The death of Paddy Ashdown, who still had much to give to political debate at the age of 77, is a reminder of the appeal of politicians who occupy the centre ground, even if centrist parties struggle to break through under the UK’s outdated first-past-the-post system.
Lord Ashdown had much in common with The Independent’s values – support for EU membership; internationalism; human rights; social justice and a market economy that is the servant not the master of the people. He wrote regularly on our comment pages.
Like the political class, we too will miss him.
As his successors as Liberal Democrat leader will testify, he was never short of advice on how they should pursue the project he launched as the party’s first leader when the Liberals merged with the Social Democrats in 1988. Even in his seventies, he was still the irrepressible, energetic action man of British politics.
The former Royal Marine and diplomat saw his political mission as a major realignment on the centre-left. He came very close to achieving it at the 1997 general election.
Labour under Tony Blair and the Lib Dems had an unofficial electoral pact in which they did not compete strongly in seats where the other had a good chance of defeating the Conservatives. Ironically, it was too successful.
Blair had intended to invite the Lib Dems into coalition under a plan, inspired by Roy Jenkins, to make the 21st century a “progressive” one by denying the Tories the power they had enjoyed for much of the 20th. Remarkably, Blair tried to go ahead even after winning a landslide. But he was blocked by forces in his own party, including his deputy John Prescott, and the reality of a majority of 179.
Lord Ashdown, despite his initial reservations, loyally backed Nick Clegg when he took the Lib Dems into coalition with the Tories in 2010, but never gave up hope of seeing a realignment of the radical centre.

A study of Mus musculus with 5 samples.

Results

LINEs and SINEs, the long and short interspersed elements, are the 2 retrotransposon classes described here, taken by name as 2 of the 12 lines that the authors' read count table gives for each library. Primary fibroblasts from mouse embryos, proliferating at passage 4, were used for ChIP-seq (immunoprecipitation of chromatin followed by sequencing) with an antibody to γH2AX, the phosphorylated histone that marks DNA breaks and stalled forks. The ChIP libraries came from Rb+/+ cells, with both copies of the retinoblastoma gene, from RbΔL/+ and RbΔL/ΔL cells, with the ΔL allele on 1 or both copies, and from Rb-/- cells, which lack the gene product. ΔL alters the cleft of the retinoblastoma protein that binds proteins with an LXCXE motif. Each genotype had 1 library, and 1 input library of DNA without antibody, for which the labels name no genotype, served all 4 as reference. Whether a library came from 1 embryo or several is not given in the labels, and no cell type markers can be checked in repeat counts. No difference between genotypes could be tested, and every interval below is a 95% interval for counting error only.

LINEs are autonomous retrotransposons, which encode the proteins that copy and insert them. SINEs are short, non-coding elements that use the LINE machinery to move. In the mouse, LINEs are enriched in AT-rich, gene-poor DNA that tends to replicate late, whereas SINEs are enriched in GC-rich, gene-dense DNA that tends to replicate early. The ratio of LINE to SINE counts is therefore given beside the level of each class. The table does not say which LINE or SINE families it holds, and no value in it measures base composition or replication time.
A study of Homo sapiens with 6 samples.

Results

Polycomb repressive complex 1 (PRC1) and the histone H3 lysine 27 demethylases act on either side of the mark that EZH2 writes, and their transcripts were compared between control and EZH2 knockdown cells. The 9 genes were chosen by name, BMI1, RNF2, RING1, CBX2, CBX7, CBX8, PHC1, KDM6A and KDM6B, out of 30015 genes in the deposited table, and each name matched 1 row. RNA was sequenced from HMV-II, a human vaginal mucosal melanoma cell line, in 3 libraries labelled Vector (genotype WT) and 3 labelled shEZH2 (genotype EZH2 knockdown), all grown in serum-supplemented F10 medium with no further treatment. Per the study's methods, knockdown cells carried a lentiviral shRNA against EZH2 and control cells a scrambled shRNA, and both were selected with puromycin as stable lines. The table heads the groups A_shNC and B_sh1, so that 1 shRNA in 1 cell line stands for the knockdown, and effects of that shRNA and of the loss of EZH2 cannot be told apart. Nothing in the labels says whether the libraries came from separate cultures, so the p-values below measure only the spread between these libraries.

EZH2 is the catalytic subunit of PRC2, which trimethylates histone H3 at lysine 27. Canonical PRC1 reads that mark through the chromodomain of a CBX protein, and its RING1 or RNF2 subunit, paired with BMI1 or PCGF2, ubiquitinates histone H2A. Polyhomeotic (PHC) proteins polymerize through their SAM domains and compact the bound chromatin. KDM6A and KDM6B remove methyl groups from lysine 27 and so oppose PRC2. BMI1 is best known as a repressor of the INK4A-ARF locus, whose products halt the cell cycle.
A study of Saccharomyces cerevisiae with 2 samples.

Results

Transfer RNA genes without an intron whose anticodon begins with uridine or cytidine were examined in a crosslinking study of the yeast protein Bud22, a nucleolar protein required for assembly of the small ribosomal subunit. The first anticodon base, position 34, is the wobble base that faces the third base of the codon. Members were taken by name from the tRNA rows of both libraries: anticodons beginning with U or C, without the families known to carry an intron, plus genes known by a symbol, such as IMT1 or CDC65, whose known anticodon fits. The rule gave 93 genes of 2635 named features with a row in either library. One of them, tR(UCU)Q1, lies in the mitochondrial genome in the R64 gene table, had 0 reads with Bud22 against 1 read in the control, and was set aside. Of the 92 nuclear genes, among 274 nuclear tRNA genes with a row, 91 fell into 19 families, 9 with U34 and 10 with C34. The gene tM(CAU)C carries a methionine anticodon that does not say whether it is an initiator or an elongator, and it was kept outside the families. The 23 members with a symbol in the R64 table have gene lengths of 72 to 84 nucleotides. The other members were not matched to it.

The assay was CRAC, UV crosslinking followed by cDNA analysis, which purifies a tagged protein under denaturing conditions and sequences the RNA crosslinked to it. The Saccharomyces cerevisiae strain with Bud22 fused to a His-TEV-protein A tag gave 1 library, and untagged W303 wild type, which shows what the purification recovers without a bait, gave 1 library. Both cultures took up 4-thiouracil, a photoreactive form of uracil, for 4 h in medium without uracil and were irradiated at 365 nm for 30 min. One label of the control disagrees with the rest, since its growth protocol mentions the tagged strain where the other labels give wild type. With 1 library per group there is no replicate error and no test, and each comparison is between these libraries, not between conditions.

Deeply saddened by the 2016 referendum result, he believed that Brexit might be the catalyst for such a shakeup, as it cuts across traditional party lines and loyalties. He was a co-founder of More United, a movement inspired by the words of the late Jo Cox, and insisted it should be seen as an asset rather than a threat to the Lib Dems.
The fractious debate on Brexit underlines Lord Ashdown’s longstanding belief: pro-European Labour and Tory MPs have more in common with each other and the Lib Dems than with the leadership of their own parties.
Some Labour backbenchers are deeply disenchanted with Jeremy Corbyn but decided to stay and fight for a Final Say referendum rather than walk out of their party before Brexit is resolved.
They are alarmed by Mr Corbyn’s suggestion that if Labour secures a general election it will go ahead with Brexit. They suspect he is deliberately stalling on the decision to support a referendum if the party fails to get an election, believing that it largely explains why he did not force a vote of no confidence in the government before the Commons began its Christmas break.
Mr Corbyn shares his mentor Tony Benn’s belief in internal Labour Party democracy. But he is out of step with Labour’s 550,000 members on Brexit; they want a referendum and would surely want the party to campaign for Remain at an election, rather for an improved version of Theresa May’s “bad deal”.
He insists he is “not a dictator” and that the party will decide policy. Yet he seems strangely reluctant to implement the one it agreed in September – preferring, like May, to procrastinate and put off hard choices in the hope they can be avoided.
Allies of Mr Corbyn rightly worry that the birth of a new centre party could harm Labour’s prospects at the next election – even if, like the SDP in the 1980s, it failed to sweep the country. Yet Mr Corbyn’s inaction on Brexit makes a breakaway by Labour centrists more likely. If he is not careful, he might unwittingly help Lord Ashdown’s unfinished mission to be accomplished.